Shooting the title track of the film. Photo courtesy of Director Samit Kakkad
“We dance for laughter, we dance for tears. We dance for madness, we dance for fears. We dance for hopes. We dance for screams. We are the dancers. We create the dreams.” These few song lyrics neatly encapsulate the essence of Aayna Ka Bayna — The Dance Film, a feature film from Indian director Samit Kakkad and cinematographer Sanjay Jadhav, presented by Akshara Films Division and produced by Amar Kakkad and Pushpa Kakkad.
Where most Indian films, and particularly those shot in Marathi, one of India’s many dialects, portray traditional Indian forms of dance, Aayna Ka Bayna eschews this convention, substituting instead many contemporary forms of western dance including hip-hop, street jazz, bachata and freestyle.
The story centers on nine boys, all with misspent childhoods, who are in a juvenile home that is run by a tyrannical and sadistic warden. The one thing the boys all have in common is that they are all street smart and well groomed in the art of survival. They enter a challenge of a lifetime in which they will dance for passion and hope, and for their dreams to come true. Think Slumdog Millionaire meets Glee.
The feature was shot in 29 days all over Mumbai in October and December 2011 and February 2012. The majority of the locations were real, as opposed to sets. The primary camera was an ARRI 416 with Ultra 16 lenses. Film stocks were KODAK VISION3 200T Color Negative Film 7213 and KODAK VISION3 500T Color Negative Film 7219.
Jadhav explains that the look he was after for Aayna Ka Bayna was raw and realistic, “and there is no better way of achieving this than using film.” In keeping with the feature’s unconventional use of western dance, the film was shot in a very unconventional manner. “At times I went six stops over and five stops under to achieve the effects I was after, and this is only possible with film,” he notes.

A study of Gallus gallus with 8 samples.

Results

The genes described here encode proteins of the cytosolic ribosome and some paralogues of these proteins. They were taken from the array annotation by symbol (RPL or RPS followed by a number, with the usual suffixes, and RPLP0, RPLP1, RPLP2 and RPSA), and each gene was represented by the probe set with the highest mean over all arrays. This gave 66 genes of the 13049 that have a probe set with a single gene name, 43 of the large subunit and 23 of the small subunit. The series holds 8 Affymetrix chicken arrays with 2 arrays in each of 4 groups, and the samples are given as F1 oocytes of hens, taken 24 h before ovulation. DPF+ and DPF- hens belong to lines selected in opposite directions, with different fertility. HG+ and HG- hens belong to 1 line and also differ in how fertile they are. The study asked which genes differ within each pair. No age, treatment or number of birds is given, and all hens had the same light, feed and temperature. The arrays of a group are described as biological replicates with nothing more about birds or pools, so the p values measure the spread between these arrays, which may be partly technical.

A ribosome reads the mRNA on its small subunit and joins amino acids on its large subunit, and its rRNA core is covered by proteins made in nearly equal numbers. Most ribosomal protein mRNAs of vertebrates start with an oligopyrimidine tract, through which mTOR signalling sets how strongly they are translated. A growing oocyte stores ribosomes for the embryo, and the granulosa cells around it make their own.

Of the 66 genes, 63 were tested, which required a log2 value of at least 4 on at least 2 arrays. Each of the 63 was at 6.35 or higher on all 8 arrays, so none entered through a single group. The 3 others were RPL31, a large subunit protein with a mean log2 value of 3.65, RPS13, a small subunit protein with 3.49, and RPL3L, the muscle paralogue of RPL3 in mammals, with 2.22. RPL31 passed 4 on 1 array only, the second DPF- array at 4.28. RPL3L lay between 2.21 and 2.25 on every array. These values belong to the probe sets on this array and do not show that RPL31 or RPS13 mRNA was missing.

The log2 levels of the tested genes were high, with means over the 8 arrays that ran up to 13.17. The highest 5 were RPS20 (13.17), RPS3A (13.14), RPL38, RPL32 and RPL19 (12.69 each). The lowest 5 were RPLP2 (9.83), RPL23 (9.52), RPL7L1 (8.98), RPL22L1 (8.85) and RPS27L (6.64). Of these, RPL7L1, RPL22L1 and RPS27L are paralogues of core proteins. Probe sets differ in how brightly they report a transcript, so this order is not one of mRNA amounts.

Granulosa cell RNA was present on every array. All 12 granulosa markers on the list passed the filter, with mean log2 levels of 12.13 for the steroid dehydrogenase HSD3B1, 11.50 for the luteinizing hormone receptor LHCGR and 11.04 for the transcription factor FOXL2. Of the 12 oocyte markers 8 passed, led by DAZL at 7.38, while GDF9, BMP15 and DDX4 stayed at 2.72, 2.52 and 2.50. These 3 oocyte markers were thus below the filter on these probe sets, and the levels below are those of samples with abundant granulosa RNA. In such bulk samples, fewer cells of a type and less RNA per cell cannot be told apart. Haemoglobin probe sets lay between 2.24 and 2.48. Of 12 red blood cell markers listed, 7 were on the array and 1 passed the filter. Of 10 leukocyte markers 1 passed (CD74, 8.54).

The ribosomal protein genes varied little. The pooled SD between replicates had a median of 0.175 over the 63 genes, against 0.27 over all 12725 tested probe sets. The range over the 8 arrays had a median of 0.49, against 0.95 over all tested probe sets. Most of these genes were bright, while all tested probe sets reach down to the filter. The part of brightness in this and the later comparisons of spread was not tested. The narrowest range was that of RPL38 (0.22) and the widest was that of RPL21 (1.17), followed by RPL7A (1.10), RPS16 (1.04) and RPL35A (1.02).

“Because the story is about breaking barriers, I decided to use the same language in my cinematography,” continues Jadhav. “So, after consulting with Samit, I deliberately flouted many of the conventional rules of photography which is why the shooting pattern includes many crash zooms, odd blocking and abrupt cutting. These help to enhance the different look of the scenes and to faithfully capture the intricate dance movements.
“For the epic climax of the film, the boys are performing in a life-or-death situation.” Jadhav adds, “And as they are all brilliant dancers, I wanted to capture every single move. So I lit up the set for 360 degrees but still it was not like a football field where everything is seen. I had to keep my shadow areas in the field for the drama that occurs there. We used a five-camera setup. Film stocks were again important here as I wanted to avoid motion blur and there is a particular speed in the movement of the cameras.”
The director is very proud of Aayna Ka Bayna. The passionate filmmaker concludes by saying, “I consider this feature to be the first international dance film with a lot of hope, friendship and passion. The process of filmmaking is very beautiful because you meet new people, make new friends, and learn a lot from them every day. In the process you learn that filmmaking is not a one-man show; it is always teamwork.”
Aayna Ka Bayna will be shown all over Maharashtra in India as well as Singapore, the UAE, the UK and the United States. In addition to its native Marathi language, the feature will be dubbed in Hindi, Telugu and Tamil.